MODESTO, Calif. – Apparently children are not allowed to have an imagination anymore. At least his is how 5 year old Jackson Riley’s parents see it.
It was just his third week in kindergarten at Great Valley Academy, when Riley came in and told his teacher that he was not able to take his backpack off because their was a bomb inside it and it would explode if he did. After his teacher asked him if she could look inside and he told her yes, she found absolutely nothing at all.
Instead of chucking this off as an active imagination and thinking that he might be trying to “save the world”, young Riley was instead reported. After receiving a one day suspension and being picked up by his dad, his parents then received a letter stating:
Jackson violated a school code when he “intentionally engaged in harassment, threats, or intimidation.” The letter also managed to contradict itself by following with saying that the rule applies to students “in any of grades 4 to 12.”
The parents stated:
“We said, ‘This doesn’t fit, and furthermore we don’t really feel like our son was threatening you,’” Jackson’s father Ian Riley said. “’He’s got an imagination. In his mind, he’s being this hero that’s preventing you from being exploded from an imaginary bomb in his backpack.'”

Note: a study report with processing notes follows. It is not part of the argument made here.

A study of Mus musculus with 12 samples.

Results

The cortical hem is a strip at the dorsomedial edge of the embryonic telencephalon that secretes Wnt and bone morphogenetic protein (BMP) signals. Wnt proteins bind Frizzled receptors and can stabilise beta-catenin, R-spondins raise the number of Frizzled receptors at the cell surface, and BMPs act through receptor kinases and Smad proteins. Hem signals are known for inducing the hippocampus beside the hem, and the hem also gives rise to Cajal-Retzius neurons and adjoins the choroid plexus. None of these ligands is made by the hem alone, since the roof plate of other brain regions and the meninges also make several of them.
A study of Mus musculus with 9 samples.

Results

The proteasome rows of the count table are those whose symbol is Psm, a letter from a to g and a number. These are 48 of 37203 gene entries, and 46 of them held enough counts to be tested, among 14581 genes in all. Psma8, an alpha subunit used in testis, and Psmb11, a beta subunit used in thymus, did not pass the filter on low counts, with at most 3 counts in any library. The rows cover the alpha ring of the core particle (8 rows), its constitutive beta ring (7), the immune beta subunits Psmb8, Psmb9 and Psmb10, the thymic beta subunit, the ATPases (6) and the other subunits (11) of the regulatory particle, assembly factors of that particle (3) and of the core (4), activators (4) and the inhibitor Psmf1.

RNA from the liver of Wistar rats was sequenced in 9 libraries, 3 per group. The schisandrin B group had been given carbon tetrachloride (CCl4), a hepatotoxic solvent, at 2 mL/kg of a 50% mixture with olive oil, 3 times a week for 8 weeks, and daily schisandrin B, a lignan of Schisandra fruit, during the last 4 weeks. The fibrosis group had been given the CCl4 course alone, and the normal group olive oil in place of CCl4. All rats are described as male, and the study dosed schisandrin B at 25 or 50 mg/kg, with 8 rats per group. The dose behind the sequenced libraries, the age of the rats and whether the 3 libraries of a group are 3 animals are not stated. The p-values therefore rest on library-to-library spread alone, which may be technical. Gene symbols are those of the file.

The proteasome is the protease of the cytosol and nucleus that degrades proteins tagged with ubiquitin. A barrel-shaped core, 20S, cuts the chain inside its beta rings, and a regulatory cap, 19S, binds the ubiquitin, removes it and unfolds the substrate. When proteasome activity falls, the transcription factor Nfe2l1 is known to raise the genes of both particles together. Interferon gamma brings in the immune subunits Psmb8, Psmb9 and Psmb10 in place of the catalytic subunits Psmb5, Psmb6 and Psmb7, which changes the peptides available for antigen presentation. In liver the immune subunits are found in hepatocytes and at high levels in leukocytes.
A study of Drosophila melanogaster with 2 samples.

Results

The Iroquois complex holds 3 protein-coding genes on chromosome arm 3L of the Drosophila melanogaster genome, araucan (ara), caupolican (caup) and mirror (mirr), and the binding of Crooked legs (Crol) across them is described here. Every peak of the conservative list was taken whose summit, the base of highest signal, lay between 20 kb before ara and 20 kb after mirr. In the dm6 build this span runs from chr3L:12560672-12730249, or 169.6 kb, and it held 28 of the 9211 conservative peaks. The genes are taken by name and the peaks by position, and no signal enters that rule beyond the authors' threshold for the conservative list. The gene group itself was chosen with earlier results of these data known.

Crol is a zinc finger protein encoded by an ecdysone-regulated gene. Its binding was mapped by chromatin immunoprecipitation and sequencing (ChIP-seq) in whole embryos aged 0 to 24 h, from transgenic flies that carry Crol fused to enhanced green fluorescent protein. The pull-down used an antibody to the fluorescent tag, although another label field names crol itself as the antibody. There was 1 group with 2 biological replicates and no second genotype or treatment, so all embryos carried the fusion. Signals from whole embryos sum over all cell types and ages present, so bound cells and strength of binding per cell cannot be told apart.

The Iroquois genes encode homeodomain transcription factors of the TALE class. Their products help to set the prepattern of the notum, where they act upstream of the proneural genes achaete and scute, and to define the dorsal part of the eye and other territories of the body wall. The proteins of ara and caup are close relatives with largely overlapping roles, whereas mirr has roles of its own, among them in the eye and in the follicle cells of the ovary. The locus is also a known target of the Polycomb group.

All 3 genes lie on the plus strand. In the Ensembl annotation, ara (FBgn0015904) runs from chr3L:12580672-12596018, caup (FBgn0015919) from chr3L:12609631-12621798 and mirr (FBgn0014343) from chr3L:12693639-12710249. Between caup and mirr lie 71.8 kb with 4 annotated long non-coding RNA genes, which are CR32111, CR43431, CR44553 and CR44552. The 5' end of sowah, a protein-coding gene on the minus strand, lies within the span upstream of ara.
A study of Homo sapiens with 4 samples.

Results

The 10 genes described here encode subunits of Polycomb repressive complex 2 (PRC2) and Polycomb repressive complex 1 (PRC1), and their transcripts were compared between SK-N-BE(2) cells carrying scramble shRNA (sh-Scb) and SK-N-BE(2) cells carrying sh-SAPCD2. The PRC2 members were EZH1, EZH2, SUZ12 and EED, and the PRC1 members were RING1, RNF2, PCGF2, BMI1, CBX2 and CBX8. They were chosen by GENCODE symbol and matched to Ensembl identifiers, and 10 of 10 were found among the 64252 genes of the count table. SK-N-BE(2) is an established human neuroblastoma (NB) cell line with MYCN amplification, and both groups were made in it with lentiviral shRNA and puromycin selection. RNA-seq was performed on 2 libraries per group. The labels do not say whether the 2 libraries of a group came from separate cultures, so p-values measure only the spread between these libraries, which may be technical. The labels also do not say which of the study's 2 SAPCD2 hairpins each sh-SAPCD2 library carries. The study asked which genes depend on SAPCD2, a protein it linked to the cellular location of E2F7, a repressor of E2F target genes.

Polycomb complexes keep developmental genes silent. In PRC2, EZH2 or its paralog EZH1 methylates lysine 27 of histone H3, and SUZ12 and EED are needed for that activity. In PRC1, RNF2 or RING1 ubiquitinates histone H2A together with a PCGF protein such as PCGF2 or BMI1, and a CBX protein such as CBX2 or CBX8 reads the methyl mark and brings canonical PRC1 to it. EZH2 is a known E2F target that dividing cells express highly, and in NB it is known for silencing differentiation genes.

The school did agree that the school code did not fit in Jackson’s case, but yet the suspension still remains on his record.
To make matters worse, the school then sent out a second letter saying that the child had made “terroristic threats.”
Of course the school won’t respond for comment.
Jackson’s parents have since taught him not to say the word “bomb” at school.
However, they’re worried the suspension will have a lingering impact.
“It becomes easy to label the kid, ‘Yeah, he already made a terrorist threat. It wouldn’t shock me if he meant this in malice too,’” Jackson’s mother Michelle Riley said.
“We don’t want terrorist threats to be on his permanent record,” Ian Riley said. “The kid is 5.”
As for now the Riley’s are asking the school to reconsider the suspension.
Do you think the school made too big of an issue out of an active kids imagination? What do you think should be done?